Shawnee dental clinic adjusts to COVID-19 changes
It’s the smile behind the mask that’s missed the most at a Shawnee dental clinic.
At Hopkins Dental Clinic, the aseptic precautions during the COVID-19 pandemic weren’t a huge change, as the clinic has always practiced clean care. It’s the social distancing protocols that have proved more difficult.
“We are the kind of staff who would frequently shake your hand, pat you on the back, hold your hand, hold your baby, build blocks with the kiddos in the waiting room, provide a needed hug to make you feel like part of our dental family,” Dr. Eric Hopkins of the clinic said in an email. “Wearing masks the whole day even eliminates our ability to share a friendly smile when interacting with our patients.”
At the end of April, the Oklahoma Board of Dentistry gave dental clinics the OK to reopen following Gov. Kevin Stitt’s three-phase plan to reopen, and since then, Shawnee dentists and hygienists have been hard at work to keep their patients’ smiles clean and healthy while adjusting to new health and safety standards as COVID-19 continues to sweep the nation.
In March, Hopkins Dental Clinic closed to general and preventative dentistry for seven weeks except for dental emergencies to help keep patients out of hospital emergency rooms, Hopkins said.
Teledentistry — which Hopkins said is a “digital exchange of information and images to attempt to limit the number of physical office visits” — was also introduced at the clinic during the closure to help figure out whether patients needed to be treated immediately or if they could wait.
Reopening after the seven-week closure came with new changes. Hopkins said the clinic is at about two-thirds of its normal number of appointments, but it is booking appointments a little further out than usual.
“Being closed for seven weeks resulted in those weeks’ worth of appointments being rescheduled, but in general we are seeing gradual return to pre-COVID interest in dental care,” he added.
Hopkins said the clinic is purposely limiting daily appointment numbers to keep an appropriate staff-to-patient ratio to help with social distancing, and the clinic hired an additional hygienist to allow the clinic to safely see more patients.
“We do get some cancellations due to a patient deciding it is best they not yet leave their homes, but just as many are put at ease (after) learning our protocols,” Hopkins said.
Hopkins said the clinic has always met or exceeded the CDC guidelines for aseptic requirements in utilizing hospital-grade disinfectants, multi-level sterilization processes and staff personal protective equipment.
The clinic staff evaluates each patient’s health history for risk factors before consulting them about taking extra precautions for an appointment, such as scheduling them for a time when there are less people there, Hopkins said.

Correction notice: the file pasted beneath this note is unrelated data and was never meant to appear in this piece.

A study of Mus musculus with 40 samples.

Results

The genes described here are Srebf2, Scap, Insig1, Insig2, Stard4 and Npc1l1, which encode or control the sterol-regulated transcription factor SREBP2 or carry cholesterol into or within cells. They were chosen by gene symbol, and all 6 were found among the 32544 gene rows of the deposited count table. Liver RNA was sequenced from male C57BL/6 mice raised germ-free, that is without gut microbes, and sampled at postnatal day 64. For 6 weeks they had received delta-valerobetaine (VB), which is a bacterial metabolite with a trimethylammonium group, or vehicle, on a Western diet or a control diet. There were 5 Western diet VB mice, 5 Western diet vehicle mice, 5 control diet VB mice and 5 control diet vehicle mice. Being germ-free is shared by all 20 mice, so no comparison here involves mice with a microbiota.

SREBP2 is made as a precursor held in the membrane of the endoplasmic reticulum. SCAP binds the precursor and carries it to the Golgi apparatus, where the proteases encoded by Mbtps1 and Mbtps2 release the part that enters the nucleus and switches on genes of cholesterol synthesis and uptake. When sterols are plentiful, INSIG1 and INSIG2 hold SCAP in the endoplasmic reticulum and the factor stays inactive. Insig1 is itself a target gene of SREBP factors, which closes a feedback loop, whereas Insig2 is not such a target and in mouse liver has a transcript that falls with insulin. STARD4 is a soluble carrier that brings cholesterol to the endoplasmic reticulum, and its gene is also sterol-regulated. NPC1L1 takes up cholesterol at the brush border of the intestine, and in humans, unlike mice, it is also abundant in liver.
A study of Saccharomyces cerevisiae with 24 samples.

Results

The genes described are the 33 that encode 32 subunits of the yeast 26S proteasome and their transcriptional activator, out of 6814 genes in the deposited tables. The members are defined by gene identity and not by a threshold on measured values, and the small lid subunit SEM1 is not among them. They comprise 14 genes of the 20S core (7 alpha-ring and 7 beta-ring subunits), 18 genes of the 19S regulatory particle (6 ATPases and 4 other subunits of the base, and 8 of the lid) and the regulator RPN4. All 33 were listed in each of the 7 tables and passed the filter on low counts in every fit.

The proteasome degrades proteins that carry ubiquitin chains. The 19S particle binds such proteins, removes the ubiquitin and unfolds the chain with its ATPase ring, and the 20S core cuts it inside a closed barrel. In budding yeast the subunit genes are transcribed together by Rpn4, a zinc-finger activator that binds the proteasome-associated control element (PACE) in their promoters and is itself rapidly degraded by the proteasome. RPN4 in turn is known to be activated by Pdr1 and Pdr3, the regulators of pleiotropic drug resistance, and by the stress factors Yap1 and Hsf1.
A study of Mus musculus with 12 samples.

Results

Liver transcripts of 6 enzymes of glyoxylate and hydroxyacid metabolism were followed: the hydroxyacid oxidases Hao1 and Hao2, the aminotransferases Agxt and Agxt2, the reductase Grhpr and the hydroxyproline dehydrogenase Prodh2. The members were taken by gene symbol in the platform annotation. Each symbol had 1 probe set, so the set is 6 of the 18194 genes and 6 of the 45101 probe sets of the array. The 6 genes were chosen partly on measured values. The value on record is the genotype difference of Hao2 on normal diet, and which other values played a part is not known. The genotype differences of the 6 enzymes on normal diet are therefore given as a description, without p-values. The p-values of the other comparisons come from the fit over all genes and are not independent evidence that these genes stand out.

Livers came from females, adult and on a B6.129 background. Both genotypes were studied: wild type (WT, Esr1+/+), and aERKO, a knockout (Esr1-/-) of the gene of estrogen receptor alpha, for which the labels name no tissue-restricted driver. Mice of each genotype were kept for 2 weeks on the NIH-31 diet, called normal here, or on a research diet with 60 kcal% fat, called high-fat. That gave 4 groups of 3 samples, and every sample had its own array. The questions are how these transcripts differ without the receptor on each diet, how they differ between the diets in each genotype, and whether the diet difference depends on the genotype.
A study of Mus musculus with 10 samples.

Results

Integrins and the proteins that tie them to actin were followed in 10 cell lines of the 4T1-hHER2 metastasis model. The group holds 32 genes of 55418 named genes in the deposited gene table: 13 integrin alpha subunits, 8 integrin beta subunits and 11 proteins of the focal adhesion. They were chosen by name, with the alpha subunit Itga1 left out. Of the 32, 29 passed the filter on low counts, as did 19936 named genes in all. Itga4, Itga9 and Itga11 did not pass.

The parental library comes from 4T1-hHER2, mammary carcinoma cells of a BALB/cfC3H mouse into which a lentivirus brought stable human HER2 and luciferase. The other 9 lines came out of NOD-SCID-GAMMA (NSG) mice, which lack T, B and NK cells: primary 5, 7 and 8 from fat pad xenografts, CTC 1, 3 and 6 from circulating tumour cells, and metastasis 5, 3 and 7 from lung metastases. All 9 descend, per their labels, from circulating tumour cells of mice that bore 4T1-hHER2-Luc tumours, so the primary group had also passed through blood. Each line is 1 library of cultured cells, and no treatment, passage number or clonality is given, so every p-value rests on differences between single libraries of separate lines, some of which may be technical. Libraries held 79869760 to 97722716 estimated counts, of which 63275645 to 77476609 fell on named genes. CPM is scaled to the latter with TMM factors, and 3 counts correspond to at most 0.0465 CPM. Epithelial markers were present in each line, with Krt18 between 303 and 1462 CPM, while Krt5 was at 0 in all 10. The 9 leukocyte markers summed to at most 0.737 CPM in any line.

In the clinic waiting rooms, magazines, the kids’ play area and most of the furniture have been removed, and what remains is spaced out into separated zones. Access to the waiting room is controlled, and the clinic asks that only the patient comes to the appointment with the exceptions of minors or adults who require assistance. Anyone not receiving treatment inside is required to wear a mask, and the clinic provides masks for those who don’t already have one.
The clinic informs patients via appointment text reminders that patients call the clinic from their vehicles upon arrival, and the clinic conducts an over-the-phone COVID-19 screening questionnaire before the patient is allowed inside.
Inside, a staff member waits for patients at the door to take their temperatures, provide hand sanitizer and guide them through the entire appointment. After their appointments, patients wait in their operatory room for a front desk staff member to come and check them out.
All staff members wear masks, and everything that requires contact is immediately disinfected, including restrooms. Anything that whizzes, whirs, scrapes, pokes, sprays and brushes in the rooms are disinfected immediately.
“Anything that was in contact during the patient’s treatment is either bagged and sterilized or is sprayed with hospital grade disinfectant and allowed to sit on that surface for no less than 10 minutes,” Hopkins said. “Then (it) is sprayed again and smeared rather than wiped.”
This smearing method allows an additional layer of disinfectant to remain on the surface to allow for a longer disinfecting period, which can leave streaks behind. Hopkins said those streaked surfaces are not only clean but “extra clean.”
For staff members, Hopkins said the key to cleanliness was good habits from the start. The staff washes their hands multiple times a day, even before COVID-19. The clinic has always used level three masks, safety glasses, uniforms and more. The clinic now keeps high-efficiency particulate air filters running, closes doors when utilizing high-speed handpieces and layers personal protective equipment for certain procedures.
The clinic makes it a priority to never cut corners when it comes to aseptic practices and staff safety, especially now. Coronavirus spreads from close person-to-person contact and mainly through respiratory droplets in the air, and since dental work is done in close quarters, extra precautions have to be taken.
But Hopkins Dental Clinic is prepared for those extra safety measures.
“We are doing everything possible to ensure your health while improving your smile,” Hopkins said.